WICSU-PSU CONSTITUON DAY REFLECTION – ARE THE WORKERS BETTER OFF TODAY THAN TEN YEARS AGO?

The question that comes to mind is What do we have to look back on?
Ten years in a change of status from the former Netherlands Antilles to Country status, what are the highlights of this era especially for the working class of this Country during this new status?
As union we are disappointed that the report when it comes to the worker is not one of change, but one of hardship and in some cases poverty. The plight of the worker got even more difficult and less attention was/is being paid to the needs of the workers.
Ten years of numerous governments, some were repetitive, and all the workers and the unions got were empty promises. The workers became important during campaign season after that the promises made and the issues campaigned on were forgotten. When the Unions would remind them of their unjust ways of dealing with the workers it would become an attack on the Unions. The workers would be told that the unions are not acting in good faith.
Payment of the Cost of living Adjustment (COLA) has been a constant narrative of the union, yet it falls on deaf ears. There are never funds to pay the COLA, but we are constantly going to the polls. To pay for an election, cost way more than the total cost of the payout of the COLA. Shall we remind the decision makers that approach these same workers for their vote that they are still waiting for the payment of the COLA? Was the Cessantia every addressed in all these years?
The finalization of the function books for the Justice Ministry is still an ongoing battle. Many Ministers have played with the emotion of the same workers that protect and serve this country, promises were made, half truths were executed under the guise of campaign rhetoric. Ministers, not communicating with the unions that represent these workers and making decisions that are not in the best interest of the Justice worker, and when the union speak up, they are not acting in good faith. There is a saying that goes why reinvent the wheel when it is already spinning. The justice workers could have long been placed in their proper functions and salary scale if the decision makers would only dialogue with the unions as we have been there from day one. How many more is going to come and want to do things their way instead of just finalizing what is already in place.
How many slogans have we not heard about getting rid of the six-month contract in the private sector, ten years later and it is still there. There were many campaign promises that this was going to be dealt with. What about the minimum wage? When are we going to have a living wage? I would like to look ask our leaders to exchange their salary for just one month with one of our private sector workers and see how they survive.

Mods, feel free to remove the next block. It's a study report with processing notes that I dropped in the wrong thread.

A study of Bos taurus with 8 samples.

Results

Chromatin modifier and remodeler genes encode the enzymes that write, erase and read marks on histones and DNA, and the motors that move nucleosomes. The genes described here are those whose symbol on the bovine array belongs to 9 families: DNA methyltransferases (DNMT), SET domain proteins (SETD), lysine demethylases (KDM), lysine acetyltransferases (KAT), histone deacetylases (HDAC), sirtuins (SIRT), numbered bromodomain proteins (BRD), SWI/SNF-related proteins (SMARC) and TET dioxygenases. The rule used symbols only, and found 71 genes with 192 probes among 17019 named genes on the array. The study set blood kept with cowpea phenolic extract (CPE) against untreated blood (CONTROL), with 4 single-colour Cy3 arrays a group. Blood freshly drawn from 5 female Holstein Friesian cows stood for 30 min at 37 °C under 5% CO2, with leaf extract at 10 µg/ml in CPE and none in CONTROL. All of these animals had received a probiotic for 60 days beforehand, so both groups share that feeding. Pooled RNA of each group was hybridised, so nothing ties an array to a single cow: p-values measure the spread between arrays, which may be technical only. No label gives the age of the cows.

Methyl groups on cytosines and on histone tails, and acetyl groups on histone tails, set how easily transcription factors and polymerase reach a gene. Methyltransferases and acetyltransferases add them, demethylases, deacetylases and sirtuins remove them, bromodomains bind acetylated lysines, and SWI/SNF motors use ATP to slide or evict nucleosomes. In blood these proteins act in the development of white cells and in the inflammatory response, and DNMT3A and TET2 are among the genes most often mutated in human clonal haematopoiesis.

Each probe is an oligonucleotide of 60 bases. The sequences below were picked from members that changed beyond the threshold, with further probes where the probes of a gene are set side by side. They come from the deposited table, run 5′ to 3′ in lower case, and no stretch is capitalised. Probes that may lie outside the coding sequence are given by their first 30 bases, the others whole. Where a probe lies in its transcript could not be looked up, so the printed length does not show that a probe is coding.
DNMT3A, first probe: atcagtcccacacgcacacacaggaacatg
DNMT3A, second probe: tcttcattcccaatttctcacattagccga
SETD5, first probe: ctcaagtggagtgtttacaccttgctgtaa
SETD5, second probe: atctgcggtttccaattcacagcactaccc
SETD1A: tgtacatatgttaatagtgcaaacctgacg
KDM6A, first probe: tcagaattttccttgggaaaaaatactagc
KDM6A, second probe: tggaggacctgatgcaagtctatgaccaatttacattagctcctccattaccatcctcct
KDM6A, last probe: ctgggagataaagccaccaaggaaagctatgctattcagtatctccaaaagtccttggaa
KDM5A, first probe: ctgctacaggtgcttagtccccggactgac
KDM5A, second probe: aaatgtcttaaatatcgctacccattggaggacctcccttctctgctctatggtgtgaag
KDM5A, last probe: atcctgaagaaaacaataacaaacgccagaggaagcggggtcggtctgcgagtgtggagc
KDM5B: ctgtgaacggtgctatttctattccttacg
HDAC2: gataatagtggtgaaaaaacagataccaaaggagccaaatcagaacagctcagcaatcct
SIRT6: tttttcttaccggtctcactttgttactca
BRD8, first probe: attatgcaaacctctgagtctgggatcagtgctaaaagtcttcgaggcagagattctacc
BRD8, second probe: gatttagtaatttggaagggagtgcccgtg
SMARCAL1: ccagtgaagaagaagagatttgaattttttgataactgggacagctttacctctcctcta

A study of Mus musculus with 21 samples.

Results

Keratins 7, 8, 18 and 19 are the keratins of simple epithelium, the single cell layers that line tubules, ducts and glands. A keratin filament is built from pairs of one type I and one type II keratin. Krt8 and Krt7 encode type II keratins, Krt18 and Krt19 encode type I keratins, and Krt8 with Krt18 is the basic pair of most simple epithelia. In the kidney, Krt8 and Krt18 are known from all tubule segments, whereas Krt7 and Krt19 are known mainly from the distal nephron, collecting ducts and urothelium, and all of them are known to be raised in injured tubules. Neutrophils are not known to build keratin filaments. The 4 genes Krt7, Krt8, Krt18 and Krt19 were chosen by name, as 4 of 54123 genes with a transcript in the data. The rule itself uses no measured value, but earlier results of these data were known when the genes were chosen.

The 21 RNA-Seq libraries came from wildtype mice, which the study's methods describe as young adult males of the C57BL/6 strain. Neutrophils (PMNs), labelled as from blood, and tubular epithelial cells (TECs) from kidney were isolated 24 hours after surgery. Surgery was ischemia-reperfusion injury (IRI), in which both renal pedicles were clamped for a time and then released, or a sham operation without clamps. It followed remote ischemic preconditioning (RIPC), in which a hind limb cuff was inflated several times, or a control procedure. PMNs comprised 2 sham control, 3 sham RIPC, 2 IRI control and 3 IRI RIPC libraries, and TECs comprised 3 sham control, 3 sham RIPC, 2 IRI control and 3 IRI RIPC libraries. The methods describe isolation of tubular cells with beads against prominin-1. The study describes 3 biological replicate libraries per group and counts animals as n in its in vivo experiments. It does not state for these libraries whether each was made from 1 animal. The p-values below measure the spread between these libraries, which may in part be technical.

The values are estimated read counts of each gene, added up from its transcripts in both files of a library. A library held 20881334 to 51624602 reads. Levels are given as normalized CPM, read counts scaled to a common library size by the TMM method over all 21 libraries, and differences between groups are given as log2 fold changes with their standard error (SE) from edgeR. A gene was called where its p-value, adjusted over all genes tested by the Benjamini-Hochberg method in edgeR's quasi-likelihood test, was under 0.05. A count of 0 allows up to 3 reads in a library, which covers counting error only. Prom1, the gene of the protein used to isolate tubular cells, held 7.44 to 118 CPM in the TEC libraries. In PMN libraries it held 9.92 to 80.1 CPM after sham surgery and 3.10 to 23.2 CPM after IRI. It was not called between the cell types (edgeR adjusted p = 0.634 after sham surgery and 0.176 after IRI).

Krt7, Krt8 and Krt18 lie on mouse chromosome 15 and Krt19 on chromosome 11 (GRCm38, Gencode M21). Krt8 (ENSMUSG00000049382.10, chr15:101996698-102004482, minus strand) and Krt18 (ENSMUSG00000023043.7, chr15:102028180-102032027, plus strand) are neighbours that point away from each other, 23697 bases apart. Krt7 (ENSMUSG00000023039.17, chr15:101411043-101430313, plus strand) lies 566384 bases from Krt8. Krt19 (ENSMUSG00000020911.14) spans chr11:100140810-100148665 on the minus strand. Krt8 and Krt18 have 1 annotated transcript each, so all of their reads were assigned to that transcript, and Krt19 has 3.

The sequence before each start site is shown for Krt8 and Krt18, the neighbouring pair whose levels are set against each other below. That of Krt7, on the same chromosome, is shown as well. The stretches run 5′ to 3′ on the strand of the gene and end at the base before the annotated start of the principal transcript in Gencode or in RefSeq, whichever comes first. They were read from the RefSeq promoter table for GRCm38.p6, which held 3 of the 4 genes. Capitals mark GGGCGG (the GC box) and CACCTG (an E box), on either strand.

The price to survive as a worker is very high in what we call the friendly island St. Maarten, Workers cannot afford to feed their family a healthy meal as the prices in the supermarkets are so high and the wages does not change.
When government was asked to increase their basket of goods to include cost cutting measures in the areas of telephone, food, utilities etc. their response was it is in our governing plan. Where and at what time it will be implemented might be on the second anniversary of the change in country status.
The union has not seen one labor law changed in the benefit of the worker. The worker is always the sacrificial lamb. We have seen the pension age increase twice with the possibility of a third increase. Where are the benefit for the worker while all they hear fancy words like resilient and hard working and survivors. It is expected for the worker to be all of the above with the unjust hand that is being dealt to them.
The union is once again asking what is there to celebrate? Take those finances and give it to the workers plant a tree of appreciation in the mind and pockets of the workers.
The union is once again this time publicly asking the decision makers to give the working class a reason to celebrate by at the least setting the following into motion:

  • Implement a living wage. (use the amount paid on the French Side as an example)
  • Abolish the six-month contract.
  • Index the wages; Pay the COLA that is owed
  • Adjust the workers salary yearly with the cost of living adjustment
  • Implement Price controls on basic goods in the supermarkets
  • Control the cost of Electricity
    Give the working class a reason to celebrate.